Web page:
As a mild sufferer of lower back pain over the last few years I’ve been trying to find natural cures for back pain rather than relying on medication. Initially when the pain started it was a case of taking pain killers and anti inflammatory drugs such as ibuprofen but despite the fact that they worked for a time I found that my body became more resistant and the strength of painkillers that I was taking started to increase.
Over the long-term this is not what I want for my body hence my research and why not share it with the wider fellow sufferers?
A recent university study has concluded that Yoga could be more effective than the traditional healthcare approach to provide pain relief for long-term lower back pain sufferers. So could this be a possible solution for many of us?
Yoga can be best described as a combination of breathing exercises, physical postures, and meditation and whilst not having roots in traditional medicine it has been practised for more than 5,000 years claiming many beneficial effects.
To be fair, as I read the study it was clear that no firm conclusions could be drawn however it motioned to evidence suggesting that yoga could offer a reduction in chronic lower back pain over and above that offered by conventional back pain treatment.
The main body of the research engaged 313 adults exhibiting symptoms of chronic or recurrent low back pain to either a yoga program or the control standard care regime over a 3 month period. Measurements were then taken a 3, 6 and 12 month time periods and scores assigned using a Roland-Morris Disability Questionnaire that generates an “RMDQ score”.
The results showed that the yoga group had better back function at 3, 6, and 12 months than the control group that experienced the traditional approach.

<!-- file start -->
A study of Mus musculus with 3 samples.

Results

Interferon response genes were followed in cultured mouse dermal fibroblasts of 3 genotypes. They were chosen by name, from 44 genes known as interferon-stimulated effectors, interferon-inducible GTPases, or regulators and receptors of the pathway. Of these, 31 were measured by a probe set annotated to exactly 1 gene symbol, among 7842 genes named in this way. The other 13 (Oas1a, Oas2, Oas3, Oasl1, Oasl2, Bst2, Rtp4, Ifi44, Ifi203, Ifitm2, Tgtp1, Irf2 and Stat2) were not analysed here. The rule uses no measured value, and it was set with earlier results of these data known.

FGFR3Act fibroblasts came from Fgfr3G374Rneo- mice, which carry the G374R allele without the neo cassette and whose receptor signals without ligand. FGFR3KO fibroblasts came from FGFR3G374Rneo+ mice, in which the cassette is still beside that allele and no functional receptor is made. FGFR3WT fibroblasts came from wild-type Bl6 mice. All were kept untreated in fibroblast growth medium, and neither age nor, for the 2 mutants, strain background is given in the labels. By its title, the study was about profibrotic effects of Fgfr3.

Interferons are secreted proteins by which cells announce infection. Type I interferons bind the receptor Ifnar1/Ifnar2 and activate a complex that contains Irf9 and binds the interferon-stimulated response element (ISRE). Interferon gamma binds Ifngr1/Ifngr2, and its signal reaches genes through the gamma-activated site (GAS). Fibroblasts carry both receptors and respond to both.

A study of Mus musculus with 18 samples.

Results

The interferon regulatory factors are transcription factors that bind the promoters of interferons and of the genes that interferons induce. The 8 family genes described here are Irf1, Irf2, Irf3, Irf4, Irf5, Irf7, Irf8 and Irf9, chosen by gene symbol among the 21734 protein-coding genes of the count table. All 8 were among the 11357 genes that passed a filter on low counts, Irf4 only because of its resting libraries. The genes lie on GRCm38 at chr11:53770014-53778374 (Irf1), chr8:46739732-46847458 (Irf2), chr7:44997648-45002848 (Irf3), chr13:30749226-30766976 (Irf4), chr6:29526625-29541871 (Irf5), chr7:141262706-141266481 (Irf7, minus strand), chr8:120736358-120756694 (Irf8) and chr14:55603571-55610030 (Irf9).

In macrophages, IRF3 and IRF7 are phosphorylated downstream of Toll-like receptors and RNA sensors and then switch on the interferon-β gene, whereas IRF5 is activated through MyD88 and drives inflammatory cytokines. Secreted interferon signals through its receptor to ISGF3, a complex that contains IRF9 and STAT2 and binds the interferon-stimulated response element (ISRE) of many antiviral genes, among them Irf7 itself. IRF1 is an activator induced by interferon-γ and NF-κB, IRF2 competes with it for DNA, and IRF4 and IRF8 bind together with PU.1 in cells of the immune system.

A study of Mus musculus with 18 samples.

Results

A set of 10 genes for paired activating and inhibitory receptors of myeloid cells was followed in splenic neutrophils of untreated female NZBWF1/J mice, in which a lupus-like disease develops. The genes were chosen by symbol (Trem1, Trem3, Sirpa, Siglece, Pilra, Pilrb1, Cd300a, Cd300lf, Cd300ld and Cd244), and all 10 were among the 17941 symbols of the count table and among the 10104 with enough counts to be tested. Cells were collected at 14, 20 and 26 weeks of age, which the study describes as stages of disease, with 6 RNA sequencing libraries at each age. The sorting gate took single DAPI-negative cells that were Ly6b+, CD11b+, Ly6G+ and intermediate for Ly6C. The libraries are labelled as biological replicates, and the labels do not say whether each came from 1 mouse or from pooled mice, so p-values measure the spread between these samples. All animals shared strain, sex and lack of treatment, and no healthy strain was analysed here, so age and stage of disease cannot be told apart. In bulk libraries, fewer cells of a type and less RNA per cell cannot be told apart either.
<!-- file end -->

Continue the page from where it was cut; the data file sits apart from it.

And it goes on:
For those of you interested in the statistics they were as follows:-
The adjusted mean RMDQ score was 2.17 points lower in the yoga group at 3 months, 1.48 points lower at 6 months, and 1.57 points lower at 12 months. Both the yoga and control groups had similar pain and general health scores at 3, 6, and 12 months, and the yoga group had higher pain self-efficacy scores at 3 and 6 months although not at 12 months.
There were in a minor number of research participants a negative effect in that two of the 157 control group and 12 of the 156 yoga participants reported adverse events, mostly increased pain.
So what could be concluded specifically? It was reported that a 12-week yoga program provided to adults with chronic or recurrent low back pain led to greater improvements in back function than did more traditional healthcare techniques but that said, there was also a caveat that further research would be required before concrete conclusions could be drawn.
What do I conclude? Well one could argue that the size of the sample was pretty small but I think that there’s sufficient evidence to suggest that Yoga is worth a try. There is a risk that it won’t work for me (or you) and if this is the case then I’ll pull the plug on it.